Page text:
Category: Law
by Admin on Monday, May 17th, 2010 at 19:42:00

The Supreme Court ruled on May 17th, 2010, that federal officials can indefinitely hold inmates after their prison terms are complete. The high court in a 7-2 judgment reversed a lower court decision that said Congress overstepped its authority.

Ex post facto laws are explicitly forbidden to the federal government and the states by two separate and quite specific clauses in the constitution, the government's authorizing document:

The federal government: "Section 9 — Limits on Congress — No ... ex post facto Law shall be passed."

The states: "Section 10 — Powers prohibited of States — No State shall ... pass any ... ex post facto Law"

You may be asking, "What is an ex post facto law?" The legal definition is given by Calder v Bull (3 US 386 [1798]), in the opinion of Justice Chase, which defines four ways laws must fail as ex being post facto:

1st:Every law that makes an action done before the passing of the law, and which was innocent when done, criminal; and punishes such action.
2nd:Every law that aggravates a crime, or makes it greater than it was, when committed.
3rd:Every law that changes the punishment, and inflicts a greater punishment, than the law annexed to the crime, when committed.
4th:Every law that alters the legal rules of evidence, and receives less, or different, testimony, than the law required at the time of the commission of the offense, in order to convict the offender.

Now, read #3 carefully. Clearly, extending a prisoner's sentence beyond that specified by the law at the time of conviction qualifies in every way for this class of ex post facto law. Here's an example. Suppose the maximum punishment for the crime is ten years, and this is the punishment meted out by the judge upon finding guilt. Then, at the ten year mark, when the prisoner has every right to expect release, the government, under this new law, decides to just keep them in prison. Indefinitely.

Just one more out of control event in a series of unauthorized actions by our supreme court. Let's be clear: The US constitution is the authorizing document for the federal government, and also serves in large part as authorization and a mechanism to forbid action by state government. The only things the government are authorized to do must fall into issues that are not forbidden (as this action specifically is), and are permitted, which this action is not.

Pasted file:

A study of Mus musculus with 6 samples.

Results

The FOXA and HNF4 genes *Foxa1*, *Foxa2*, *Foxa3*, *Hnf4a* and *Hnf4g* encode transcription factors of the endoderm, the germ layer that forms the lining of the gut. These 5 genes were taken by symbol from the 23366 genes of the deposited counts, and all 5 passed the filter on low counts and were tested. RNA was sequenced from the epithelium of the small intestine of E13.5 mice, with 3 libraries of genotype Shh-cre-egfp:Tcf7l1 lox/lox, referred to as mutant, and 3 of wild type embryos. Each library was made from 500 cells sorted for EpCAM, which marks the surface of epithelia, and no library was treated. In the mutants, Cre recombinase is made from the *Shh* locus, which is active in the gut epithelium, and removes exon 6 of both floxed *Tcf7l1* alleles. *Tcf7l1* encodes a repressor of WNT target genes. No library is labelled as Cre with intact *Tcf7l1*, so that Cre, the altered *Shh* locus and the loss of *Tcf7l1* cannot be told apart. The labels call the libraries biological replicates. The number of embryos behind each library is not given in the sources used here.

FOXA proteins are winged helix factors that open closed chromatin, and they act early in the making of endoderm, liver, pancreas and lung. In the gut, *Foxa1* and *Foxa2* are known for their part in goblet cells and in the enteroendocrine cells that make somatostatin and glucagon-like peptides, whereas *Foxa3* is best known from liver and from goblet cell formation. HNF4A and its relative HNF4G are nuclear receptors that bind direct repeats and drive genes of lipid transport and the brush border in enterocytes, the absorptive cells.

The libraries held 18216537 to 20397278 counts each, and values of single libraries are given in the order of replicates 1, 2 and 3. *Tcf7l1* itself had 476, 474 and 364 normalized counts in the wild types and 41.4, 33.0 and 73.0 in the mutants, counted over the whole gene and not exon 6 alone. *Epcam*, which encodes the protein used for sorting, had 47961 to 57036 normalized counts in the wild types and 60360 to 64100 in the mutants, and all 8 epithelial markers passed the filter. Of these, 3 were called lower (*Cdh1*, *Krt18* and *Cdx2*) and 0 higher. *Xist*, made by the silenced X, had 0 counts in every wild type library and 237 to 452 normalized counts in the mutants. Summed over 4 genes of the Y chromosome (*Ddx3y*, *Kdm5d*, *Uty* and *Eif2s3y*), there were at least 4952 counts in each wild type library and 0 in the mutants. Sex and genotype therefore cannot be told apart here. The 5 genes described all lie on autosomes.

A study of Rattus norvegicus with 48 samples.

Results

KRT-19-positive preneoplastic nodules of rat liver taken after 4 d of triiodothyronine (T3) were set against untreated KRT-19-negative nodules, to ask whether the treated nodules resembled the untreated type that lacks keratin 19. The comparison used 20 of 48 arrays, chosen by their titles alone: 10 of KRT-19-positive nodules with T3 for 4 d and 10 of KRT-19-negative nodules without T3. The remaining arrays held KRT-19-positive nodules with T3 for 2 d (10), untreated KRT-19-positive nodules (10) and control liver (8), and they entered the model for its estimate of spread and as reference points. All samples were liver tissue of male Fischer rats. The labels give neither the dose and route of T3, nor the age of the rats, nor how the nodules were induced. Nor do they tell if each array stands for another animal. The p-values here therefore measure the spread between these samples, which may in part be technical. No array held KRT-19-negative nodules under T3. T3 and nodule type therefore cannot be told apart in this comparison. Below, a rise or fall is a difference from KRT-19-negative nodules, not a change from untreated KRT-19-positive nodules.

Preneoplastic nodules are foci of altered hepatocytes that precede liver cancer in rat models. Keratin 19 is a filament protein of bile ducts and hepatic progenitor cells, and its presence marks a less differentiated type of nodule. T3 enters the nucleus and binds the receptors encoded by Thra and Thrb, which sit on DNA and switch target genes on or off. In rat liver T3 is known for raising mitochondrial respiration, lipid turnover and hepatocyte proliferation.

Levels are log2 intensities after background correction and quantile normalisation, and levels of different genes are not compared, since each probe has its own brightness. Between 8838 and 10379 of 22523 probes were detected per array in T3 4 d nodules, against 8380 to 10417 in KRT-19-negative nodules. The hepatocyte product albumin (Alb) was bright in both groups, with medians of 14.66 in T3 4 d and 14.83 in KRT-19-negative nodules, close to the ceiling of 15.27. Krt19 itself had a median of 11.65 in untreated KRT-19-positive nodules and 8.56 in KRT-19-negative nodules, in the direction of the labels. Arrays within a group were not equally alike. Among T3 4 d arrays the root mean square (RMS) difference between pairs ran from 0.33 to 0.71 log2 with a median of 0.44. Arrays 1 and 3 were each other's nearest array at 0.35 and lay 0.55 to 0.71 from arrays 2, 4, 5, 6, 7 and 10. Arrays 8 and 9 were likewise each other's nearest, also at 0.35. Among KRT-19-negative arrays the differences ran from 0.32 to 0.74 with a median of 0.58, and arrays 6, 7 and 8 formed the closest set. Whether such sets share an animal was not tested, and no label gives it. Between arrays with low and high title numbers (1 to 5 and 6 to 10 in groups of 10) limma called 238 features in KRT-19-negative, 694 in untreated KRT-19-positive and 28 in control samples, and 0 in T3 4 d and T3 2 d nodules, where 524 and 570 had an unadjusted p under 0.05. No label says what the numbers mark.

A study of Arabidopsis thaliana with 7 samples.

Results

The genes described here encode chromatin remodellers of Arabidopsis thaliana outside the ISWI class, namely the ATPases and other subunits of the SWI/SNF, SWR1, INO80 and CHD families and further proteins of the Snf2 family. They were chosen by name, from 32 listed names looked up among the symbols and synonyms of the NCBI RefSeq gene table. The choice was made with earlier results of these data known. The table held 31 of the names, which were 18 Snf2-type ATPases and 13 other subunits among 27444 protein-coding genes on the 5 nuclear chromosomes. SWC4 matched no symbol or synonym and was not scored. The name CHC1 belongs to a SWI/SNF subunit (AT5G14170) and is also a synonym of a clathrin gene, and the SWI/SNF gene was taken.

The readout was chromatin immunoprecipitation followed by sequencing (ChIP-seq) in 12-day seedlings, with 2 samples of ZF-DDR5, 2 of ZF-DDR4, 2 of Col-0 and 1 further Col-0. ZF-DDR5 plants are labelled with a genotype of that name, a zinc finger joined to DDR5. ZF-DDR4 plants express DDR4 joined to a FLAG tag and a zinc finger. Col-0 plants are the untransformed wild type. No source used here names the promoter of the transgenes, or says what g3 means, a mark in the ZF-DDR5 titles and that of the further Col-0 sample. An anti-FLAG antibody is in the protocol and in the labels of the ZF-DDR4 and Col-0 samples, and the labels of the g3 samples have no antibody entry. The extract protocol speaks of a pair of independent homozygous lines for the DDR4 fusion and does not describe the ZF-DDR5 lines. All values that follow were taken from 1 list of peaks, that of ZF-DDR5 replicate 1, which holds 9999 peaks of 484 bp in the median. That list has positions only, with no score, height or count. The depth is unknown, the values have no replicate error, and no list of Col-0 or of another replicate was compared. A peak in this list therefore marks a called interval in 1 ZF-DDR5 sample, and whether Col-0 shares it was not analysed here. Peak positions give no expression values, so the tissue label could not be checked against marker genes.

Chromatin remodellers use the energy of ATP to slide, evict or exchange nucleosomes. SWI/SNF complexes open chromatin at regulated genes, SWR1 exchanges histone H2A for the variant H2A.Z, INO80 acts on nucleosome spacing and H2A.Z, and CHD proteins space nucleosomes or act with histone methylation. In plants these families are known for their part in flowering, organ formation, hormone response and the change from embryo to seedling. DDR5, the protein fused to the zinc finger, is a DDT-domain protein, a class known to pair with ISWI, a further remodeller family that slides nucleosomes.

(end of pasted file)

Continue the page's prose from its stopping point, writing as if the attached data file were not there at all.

In the US, the government is authorized to use power by the constitution in very specific ways. Some things are not authorized by virtue of not being mentioned or even implied; others are not authorized by virtue of being forbidden, which is the case here. To the extent that the government exercises powers is it not authorized to have, it is a government out of control.

This is one of the tragedies of our time; our government, once the embodiment of hope of the founders and the pride of every American, is now running wild, doing whatever it "feels" is right, regardless of its authorizing charter. This is in no way different than rule by royalty. When decisions are taken outside the realm of what the people permit, then the government is no longer responsible to the people.

For any of you who are in sympathy with this law, let me point out that there is a means for the government to obtain these powers. That is embodied in article five, which defines how amendments may be made to the constitution. Basically, if the people say that they are willing for a specific change to be made, then such powers can be authorized. There is a formal procedure, however, and without that procedure, no such powers can be authorized.

I was raised with the idea that I lived in a constitutional republic. As I learned about the government, I found more and more evidence that this is actually not the case. In the US, the government exercises arbitrary power. Not constitutionally authorized power. I wonder why we have to accept this. And if we don't have to, I wonder why we do.